Auld-McCobb House

BoothbayHarborME AuldMcCobbHouse.jpg
Auld-McCobb House is located in Maine
Auld-McCobb House
Auld-McCobb House is located in the United States
Auld-McCobb House
LocationOak St., Boothbay Harbor, Maine
Coordinates43°51′8″N 69°37′39″W / 43.85222°N 69.62750°W / 43.85222; -69.62750Coordinates: 43°51′8″N 69°37′39″W / 43.85222°N 69.62750°W / 43.85222; -69.62750
Arealess than one acre
Built1807 (1807)
Built byLeishman, John, Jr.
Architectural styleFederal
NRHP reference #88000883[1]
Added to NRHPJune 28, 1988

The Auld-McCobb House is a historic double house on Oak Street in Boothbay Harbor, Maine. It is the town's oldest brick residence, built in 1807 for a pair of prominent local merchants. It was listed on the National Register of Historic Places in 1988.[1]

Description and history[edit]

The Auld-McCobb House is set on a rise overlooking downtown Boothbay Harbor, near the center of a triangular block formed by Oak Street, McClintock Street, and Townsend Avenue. It is a large double-pile two story brick structure, with a hip roof and a rubblestone foundation. Its front facade faces roughly west, and is six bays wide. The bays are symmetrically arranged, with two entrances in the center bays, with simple surrounds. Ground-floor windows are twelve-over-twelve sash, and second-floor windows are twelve-over-eight sash, all set in rectangular openings with similar simple trim.[2]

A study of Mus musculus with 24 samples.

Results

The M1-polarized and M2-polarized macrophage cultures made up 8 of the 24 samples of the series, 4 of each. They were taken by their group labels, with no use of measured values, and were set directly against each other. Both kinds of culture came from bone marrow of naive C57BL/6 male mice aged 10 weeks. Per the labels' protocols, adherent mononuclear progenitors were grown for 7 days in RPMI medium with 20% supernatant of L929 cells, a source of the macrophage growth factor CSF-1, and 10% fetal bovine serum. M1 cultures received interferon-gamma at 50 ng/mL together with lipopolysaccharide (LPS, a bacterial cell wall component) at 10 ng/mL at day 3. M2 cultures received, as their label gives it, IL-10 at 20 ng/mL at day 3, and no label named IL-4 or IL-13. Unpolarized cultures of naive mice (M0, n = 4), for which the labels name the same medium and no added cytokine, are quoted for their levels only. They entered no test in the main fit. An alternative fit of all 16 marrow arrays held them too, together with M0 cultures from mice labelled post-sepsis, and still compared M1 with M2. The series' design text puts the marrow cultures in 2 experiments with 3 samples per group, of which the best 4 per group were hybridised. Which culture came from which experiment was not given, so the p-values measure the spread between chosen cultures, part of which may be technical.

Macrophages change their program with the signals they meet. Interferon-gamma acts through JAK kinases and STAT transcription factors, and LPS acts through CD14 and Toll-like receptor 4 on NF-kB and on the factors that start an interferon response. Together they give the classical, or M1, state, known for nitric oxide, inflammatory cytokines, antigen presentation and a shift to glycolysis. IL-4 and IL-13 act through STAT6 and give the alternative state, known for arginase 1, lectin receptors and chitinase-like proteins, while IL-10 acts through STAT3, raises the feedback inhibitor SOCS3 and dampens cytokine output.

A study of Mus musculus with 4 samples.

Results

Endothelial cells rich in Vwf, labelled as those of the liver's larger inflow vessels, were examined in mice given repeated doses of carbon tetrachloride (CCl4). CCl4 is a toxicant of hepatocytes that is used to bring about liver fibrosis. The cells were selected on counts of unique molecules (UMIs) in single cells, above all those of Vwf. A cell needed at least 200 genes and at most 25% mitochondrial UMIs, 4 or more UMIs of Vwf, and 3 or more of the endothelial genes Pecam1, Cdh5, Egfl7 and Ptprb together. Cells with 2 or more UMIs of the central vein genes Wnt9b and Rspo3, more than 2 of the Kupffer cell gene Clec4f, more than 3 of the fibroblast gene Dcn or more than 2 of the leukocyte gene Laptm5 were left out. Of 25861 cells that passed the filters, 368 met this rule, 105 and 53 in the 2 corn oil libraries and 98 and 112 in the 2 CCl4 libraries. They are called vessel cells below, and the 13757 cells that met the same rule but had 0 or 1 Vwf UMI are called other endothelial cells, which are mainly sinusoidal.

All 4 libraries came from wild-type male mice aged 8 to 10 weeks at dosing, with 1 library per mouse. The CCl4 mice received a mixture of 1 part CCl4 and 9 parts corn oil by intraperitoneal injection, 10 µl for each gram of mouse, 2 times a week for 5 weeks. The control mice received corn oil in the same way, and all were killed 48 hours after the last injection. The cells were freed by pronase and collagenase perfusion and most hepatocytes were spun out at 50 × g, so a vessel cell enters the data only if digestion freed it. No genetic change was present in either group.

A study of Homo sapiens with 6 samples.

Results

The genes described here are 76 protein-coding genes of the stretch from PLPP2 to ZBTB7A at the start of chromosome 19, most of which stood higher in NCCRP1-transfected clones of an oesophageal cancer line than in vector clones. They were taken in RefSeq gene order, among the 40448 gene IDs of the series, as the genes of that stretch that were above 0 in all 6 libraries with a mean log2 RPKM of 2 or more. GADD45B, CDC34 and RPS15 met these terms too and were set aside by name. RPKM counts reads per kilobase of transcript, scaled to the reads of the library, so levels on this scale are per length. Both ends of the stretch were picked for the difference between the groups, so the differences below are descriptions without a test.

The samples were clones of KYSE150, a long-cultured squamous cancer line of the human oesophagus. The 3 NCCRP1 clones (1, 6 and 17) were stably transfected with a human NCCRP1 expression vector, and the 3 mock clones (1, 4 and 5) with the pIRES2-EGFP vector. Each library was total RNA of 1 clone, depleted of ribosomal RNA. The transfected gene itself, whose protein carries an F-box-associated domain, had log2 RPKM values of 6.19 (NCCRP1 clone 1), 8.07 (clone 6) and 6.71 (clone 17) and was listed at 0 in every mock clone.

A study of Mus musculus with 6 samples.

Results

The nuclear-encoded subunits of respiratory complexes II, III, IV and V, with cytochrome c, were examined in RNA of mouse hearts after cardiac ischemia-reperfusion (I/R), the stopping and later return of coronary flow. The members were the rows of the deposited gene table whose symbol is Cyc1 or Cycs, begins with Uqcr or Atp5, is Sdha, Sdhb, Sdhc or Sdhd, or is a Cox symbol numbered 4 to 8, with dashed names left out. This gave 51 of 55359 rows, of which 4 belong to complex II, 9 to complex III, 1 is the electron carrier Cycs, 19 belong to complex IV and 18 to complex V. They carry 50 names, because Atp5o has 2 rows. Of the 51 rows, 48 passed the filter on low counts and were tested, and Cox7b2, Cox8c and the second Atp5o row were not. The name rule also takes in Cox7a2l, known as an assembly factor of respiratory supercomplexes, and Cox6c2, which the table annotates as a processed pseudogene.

The house was built in 1807 for Jacob Auld and Joseph McCobb, two prominent local merchants. The two were engaged in a business partnership that included fishing, shipbuilding, and general mercantile pursuits, and were a dominant force in the local economy in the first quarter of the 19th century. McCobb married Auld's sister in 1807, and it is thought that this is what occasioned the house's construction. The builder is traditionally identified as John Leishman, Jr., although there is no significant documentation to substantiate this. The house is out of scale for other surviving construction of the period in the town, and the use of brick was also quite unusual.[2]

See also[edit]

References[edit]

  1. ^ a b "National Register Information System". National Register of Historic Places. National Park Service. July 9, 2010.
  2. ^ a b "NRHP nomination for Auld-McCobb House". National Park Service. Retrieved 2016-02-13.